I did get to spend some time on the wheel though. I had about 100 pounds or so of clay left from my old batch. The last of it is always a little stiff and I put off having to work with it because I hate throwing with stiff clay. The advantage though is I get to make some larger pieces which I don't do too often. These larger jars are 15 pounds. I can't remember the last time I've thrown that much clay into a vertical piece(as opposed to bowls which I do all the time.) I've resigned myself to mostly making them in pieces so that I don't have to deal with stiff clay. It's a pain in the rear to throw a huge cylinder on a treadle wheel, more trouble than it's worth. I also made a bunch of bowls but they're out of frame.
When I'm making large pots I prefer making lidded jars to vases or bottles. I wonder if that's indicative of my personality? Hmmmm.....
These pots are an addition to some dinner plates a customer bought last year. These are porcelain, I didn't need much so I bought some pre-mixed to make them. This stuff was so wet it was almost sludge. I had to throw it all on bats because there was no way I was getting this stuff off without ruining it.
When I was at the clay supplier I bought a couple of new tools. When it comes to clay I'm not much of a tool guy. Sponge, needle, wire, 3 wooden ribs, one metal rib, one trimming tool. I use a dolan loop tool for trimming, they went out of production with their tools for a few years and who knows if that'll ever happen again. I think they make the best trimming tools, so I bought a another backup and I picked up this smaller loop tool which might make trimming yunomi feet easier, it's a little difficult with the bigger one. I also bought this faceting tool, mostly because I like the way it looks and it's nice to support potter-tool makers. I don't imagine I'll use it too much but it'll be a nice tool for demos with my students.
Speaking of making tools I've been dabbling the last few months teaching myself to make brushes out of deer tail and bamboo. I made some a couple years ago that performed fairly well but they're worn out and I've since figured out how to make them better. These are the ones that I use now.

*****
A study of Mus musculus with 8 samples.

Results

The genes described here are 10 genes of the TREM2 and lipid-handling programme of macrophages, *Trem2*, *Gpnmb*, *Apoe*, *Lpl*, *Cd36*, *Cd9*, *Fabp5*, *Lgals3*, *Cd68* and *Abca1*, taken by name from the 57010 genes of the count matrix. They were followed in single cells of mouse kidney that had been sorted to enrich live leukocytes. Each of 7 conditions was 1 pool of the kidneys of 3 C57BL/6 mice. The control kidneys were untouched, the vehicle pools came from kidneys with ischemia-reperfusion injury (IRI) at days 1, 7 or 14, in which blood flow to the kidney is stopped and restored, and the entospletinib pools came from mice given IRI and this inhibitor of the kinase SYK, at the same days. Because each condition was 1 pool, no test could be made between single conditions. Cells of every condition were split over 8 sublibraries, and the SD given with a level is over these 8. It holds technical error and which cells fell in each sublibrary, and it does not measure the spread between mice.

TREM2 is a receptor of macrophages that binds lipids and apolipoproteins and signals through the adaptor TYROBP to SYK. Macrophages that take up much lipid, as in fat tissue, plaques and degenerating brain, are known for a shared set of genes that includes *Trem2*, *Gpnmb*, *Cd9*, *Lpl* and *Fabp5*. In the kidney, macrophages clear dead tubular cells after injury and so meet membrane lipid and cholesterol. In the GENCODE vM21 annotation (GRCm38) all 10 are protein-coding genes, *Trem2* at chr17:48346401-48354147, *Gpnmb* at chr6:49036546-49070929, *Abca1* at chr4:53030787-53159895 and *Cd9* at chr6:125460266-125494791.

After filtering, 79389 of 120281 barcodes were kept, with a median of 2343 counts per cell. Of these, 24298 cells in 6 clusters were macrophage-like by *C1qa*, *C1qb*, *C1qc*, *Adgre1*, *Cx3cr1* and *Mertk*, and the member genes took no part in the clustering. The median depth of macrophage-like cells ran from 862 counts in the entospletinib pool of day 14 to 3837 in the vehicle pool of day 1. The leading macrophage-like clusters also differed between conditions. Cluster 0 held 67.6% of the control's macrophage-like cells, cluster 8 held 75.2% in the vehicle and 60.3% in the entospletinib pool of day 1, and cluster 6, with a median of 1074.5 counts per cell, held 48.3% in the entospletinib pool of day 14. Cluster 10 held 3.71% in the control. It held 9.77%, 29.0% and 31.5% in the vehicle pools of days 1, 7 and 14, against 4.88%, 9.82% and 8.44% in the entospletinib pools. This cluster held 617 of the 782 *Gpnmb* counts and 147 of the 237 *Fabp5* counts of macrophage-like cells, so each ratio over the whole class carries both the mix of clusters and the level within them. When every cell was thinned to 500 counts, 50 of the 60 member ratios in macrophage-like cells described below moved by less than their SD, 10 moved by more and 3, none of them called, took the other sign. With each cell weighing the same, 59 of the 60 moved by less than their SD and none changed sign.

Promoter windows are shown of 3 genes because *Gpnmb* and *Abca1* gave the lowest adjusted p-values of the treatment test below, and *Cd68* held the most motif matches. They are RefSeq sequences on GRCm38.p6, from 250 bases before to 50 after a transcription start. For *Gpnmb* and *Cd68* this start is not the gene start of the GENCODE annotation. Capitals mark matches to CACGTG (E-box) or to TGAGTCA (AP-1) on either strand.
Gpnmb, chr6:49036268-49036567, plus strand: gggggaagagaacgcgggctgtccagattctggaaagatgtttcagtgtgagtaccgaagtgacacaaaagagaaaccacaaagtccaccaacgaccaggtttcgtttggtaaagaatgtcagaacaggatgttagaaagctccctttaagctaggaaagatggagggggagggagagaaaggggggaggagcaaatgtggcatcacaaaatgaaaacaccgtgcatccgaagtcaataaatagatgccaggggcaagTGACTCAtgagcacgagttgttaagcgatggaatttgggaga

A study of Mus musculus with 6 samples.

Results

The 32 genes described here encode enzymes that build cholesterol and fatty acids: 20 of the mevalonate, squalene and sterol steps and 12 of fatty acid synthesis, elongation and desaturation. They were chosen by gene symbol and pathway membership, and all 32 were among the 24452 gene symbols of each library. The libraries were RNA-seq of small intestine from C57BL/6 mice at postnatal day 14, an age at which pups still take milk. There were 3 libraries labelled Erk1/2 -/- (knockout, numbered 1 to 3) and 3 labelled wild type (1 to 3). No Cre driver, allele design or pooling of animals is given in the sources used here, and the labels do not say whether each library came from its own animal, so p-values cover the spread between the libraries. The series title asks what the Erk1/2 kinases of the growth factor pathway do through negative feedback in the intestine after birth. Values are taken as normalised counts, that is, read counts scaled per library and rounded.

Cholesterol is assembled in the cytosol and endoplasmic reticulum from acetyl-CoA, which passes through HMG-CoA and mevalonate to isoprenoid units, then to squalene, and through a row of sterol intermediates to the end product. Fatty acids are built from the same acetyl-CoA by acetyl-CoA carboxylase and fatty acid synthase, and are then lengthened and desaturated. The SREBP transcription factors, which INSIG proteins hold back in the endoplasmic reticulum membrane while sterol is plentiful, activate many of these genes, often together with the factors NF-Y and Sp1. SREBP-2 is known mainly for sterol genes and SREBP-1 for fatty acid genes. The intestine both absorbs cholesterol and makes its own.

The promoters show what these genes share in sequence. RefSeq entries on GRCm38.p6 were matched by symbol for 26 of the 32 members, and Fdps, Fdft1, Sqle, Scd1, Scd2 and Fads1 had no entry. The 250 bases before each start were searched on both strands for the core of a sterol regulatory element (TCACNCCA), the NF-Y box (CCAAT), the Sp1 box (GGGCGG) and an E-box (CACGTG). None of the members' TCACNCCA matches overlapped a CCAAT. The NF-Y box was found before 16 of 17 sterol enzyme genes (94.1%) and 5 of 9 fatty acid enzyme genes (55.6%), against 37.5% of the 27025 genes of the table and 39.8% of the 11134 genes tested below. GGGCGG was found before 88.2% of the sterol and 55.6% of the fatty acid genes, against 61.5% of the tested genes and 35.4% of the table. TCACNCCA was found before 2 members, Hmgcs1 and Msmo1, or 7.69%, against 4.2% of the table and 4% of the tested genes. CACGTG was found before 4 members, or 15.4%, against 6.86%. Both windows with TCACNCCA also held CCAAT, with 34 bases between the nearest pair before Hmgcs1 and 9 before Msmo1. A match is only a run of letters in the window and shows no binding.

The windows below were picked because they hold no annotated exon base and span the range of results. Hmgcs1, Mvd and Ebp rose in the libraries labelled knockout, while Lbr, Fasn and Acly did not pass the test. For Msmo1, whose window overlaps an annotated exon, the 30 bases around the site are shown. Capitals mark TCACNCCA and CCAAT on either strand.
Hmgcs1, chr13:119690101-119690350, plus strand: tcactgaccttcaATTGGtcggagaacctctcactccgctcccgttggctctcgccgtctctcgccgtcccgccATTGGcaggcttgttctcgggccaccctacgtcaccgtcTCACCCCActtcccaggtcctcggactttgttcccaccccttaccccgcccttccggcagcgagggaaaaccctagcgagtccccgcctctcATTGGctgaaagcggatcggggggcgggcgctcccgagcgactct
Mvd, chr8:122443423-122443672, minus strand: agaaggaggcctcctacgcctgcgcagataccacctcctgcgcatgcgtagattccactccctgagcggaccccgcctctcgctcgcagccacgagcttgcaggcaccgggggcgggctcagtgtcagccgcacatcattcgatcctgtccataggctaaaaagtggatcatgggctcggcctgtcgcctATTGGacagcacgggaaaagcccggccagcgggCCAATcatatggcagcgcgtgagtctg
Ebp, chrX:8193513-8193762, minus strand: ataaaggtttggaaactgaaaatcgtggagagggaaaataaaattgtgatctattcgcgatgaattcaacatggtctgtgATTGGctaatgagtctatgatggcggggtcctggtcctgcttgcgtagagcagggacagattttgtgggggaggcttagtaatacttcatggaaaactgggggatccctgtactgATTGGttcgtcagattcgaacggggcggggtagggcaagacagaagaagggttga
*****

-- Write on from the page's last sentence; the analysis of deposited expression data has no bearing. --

I figure the process of making good brushes is just like making pots. You gotta make a few hundred before you get good. Here are some that made the cut that I just don't need so I have an idea. As a special thanks to my regular blog readers I will send out these brushes to the first readers who email me wanting one...for free!!! The only catch is you gotta let me know if they work and if they hold up, don't worry you won't hurt my feelings if you don't like them. Don't expect superior quality yet. I only have 7 or 8 so first come first served. email: brandon(at)supportyourlocalpotter.com I'll try to get them out later this week.
Well, you know I want one!!!! I had a great teacher a few years ago that took one of our class days and showed us how to make brushes, she brought in all the supplies and I made a couple with Elk hair, really nice. I've been thinking about brushes since seeing Catherine White's blog yesterday and now you are making them. Heightened awareness again :)
Those look like great brushes to me, mine are, sad to say, cheap imitations and the paint is peeling on them, bet that bamboo is nice to hold.
Sorry about your bad news -- and hope it all works out okay.
Don't know if you read Catherine White's blog -- but she's posted some drool over brush pictures:
Hey, one apple two brushes.
well.....the dirty girls faceting tool says it all. And since Scott is getting the 2 brushes for the apple....can I have 1 for the ocher slip look alike glaze?
too late to the party buddy, all the favors have been given out. next time i make a bunch i'll get one to you. and the glaze was a fortuitous accident. dirty boys tools would just be awkward.